Squeeze on subleasing space

The number of new leases signed in Sydney and Melbourne in the past few months, including by Telstra and Thiess, has led to a crunch in the availability of office sublease space around the country.

The number of new leases signed in Sydney and Melbourne in the past few months, including by Telstra and Thiess, has led to a crunch in the availability of office sublease space around the country.

Last week, Commonwealth Property Office Fund confirmed it had agreed contracts over 12,200 square metres, which included 2900 sqm of expansion to Telstra at 222 Lonsdale Street and an expansion to the Commonwealth Bank at 385 Bourke Street, both in Melbourne.

In Sydney, the engineering firm Thiess has opted to move out of 26 College Street to take up about 2500 sqm at 52 Martin Place, while insurance group TAL has shifted from Milsons Point to take up 10,000 sqm at 363 George Street.

The only other larger leases available next year, are the former Freehills lawyers offices at MLC Centre, which co-owner GPT's head of investment, Carmel Hourigan, said was undergoing refurbishment, and about 15,000 sqm of the Citi space, where several potential tenants are already in discussion.

Ms Hourigan said there was potential space in Melbourne Central and the Governor Macquarie Tower in Sydney.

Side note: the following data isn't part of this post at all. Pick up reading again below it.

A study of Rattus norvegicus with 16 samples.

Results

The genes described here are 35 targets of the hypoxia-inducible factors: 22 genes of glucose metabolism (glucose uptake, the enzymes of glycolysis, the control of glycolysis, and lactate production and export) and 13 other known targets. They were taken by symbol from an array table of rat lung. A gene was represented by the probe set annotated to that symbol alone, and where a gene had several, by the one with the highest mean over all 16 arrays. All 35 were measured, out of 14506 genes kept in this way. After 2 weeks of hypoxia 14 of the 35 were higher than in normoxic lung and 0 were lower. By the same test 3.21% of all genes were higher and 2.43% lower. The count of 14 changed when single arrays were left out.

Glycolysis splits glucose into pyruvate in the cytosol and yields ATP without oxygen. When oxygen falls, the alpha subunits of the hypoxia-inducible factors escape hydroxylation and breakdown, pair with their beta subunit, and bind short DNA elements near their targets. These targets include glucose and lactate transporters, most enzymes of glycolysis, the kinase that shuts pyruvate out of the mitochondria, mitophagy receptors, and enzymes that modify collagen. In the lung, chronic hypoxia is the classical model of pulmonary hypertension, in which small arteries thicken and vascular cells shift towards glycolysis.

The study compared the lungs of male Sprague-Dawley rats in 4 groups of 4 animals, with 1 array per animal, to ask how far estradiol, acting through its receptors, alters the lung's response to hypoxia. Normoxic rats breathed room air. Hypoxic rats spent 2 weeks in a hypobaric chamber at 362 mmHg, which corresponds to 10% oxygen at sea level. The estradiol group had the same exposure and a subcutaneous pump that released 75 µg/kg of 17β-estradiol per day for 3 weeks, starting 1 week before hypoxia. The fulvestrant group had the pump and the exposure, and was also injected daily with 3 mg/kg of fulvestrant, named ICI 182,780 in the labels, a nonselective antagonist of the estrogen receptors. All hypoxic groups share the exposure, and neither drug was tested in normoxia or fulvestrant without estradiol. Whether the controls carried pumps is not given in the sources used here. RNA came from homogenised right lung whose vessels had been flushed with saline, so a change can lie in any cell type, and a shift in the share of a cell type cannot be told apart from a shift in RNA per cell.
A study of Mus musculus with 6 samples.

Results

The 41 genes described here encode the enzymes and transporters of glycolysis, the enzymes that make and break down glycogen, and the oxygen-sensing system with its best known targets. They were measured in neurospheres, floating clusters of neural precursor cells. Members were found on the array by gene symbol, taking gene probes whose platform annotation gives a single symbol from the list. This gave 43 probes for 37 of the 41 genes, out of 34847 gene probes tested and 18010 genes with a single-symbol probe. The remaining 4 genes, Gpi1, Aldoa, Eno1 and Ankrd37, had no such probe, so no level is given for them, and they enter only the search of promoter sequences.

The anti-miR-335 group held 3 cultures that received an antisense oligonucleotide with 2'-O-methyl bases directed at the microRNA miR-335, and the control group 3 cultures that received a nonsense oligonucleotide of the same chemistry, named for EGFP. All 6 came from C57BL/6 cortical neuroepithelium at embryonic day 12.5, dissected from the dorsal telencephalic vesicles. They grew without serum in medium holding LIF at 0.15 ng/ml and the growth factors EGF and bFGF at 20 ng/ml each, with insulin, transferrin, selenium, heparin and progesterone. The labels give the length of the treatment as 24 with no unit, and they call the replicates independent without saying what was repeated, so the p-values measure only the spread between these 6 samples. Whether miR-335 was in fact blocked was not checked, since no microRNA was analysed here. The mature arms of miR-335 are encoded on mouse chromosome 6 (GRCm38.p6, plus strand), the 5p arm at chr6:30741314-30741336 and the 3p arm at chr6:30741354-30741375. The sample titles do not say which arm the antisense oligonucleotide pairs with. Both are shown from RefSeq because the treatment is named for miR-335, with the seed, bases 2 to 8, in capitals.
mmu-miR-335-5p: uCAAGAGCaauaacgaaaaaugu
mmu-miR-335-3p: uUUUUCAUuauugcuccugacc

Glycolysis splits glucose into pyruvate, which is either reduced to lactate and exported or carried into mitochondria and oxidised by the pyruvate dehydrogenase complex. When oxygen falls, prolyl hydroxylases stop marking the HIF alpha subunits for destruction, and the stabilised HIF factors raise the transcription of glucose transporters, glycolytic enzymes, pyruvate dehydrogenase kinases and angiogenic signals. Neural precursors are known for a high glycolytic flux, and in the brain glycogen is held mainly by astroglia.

According to new forecasts from CBRE, the new lease deals have led to the prediction that nationally, sublet space is likely to have peaked, with no significant increases in stock expected in the short term.

The latest Sublease Barometer from CBRE show the amount of sublease space is hovering between 70,000 sqm and 80,000 sqm in Sydney, Melbourne, Brisbane and Perth.

CBRE's regional director of office services, Andrew Tracey said while 80,000 sqm was above historic averages, the expectation was no big tranches of new sublease space would be offered in the near future.

"Much of the available stock is subject to very short lease tails with expiries in 2014 and 2015," Mr Tracey said. "This is more of a deferred direct hidden vacancy issue given the inherent difficulty in leasing space with less than a three-year lease expiry. Much of this stock is expected to revert back to direct vacancy, which will significantly reduce the volume of available sublease space."

The Sublease Barometer tracks volume of sublease space and trends within different industry groups and market sectors in the major capital cities.

In Sydney, the volume of sublease space rose by 2033 sqm to 80,196 sqm during September. However, only four new options came to the market, compared with the 11 added in August.

"The finance and insurance sector increased its dominance in the sublease arena during September, to account for some 55 per cent of the available space," Mr Tracey said. "Public sector contraction is also playing a role in the market."

For Melbourne, the moves by ANZ and NAB have reduced the stock of sublease space in the CBD, by 5985 sqm during the month to 74,860 sqm.

Mr Tracey said that was significantly reduced from the year's peak above 100,000 sqm.

"A flight to quality has also emerged as one of the other key influencers, as businesses capitalise on opportunities to take advantage of high incentive levels to move to better quality space," he said.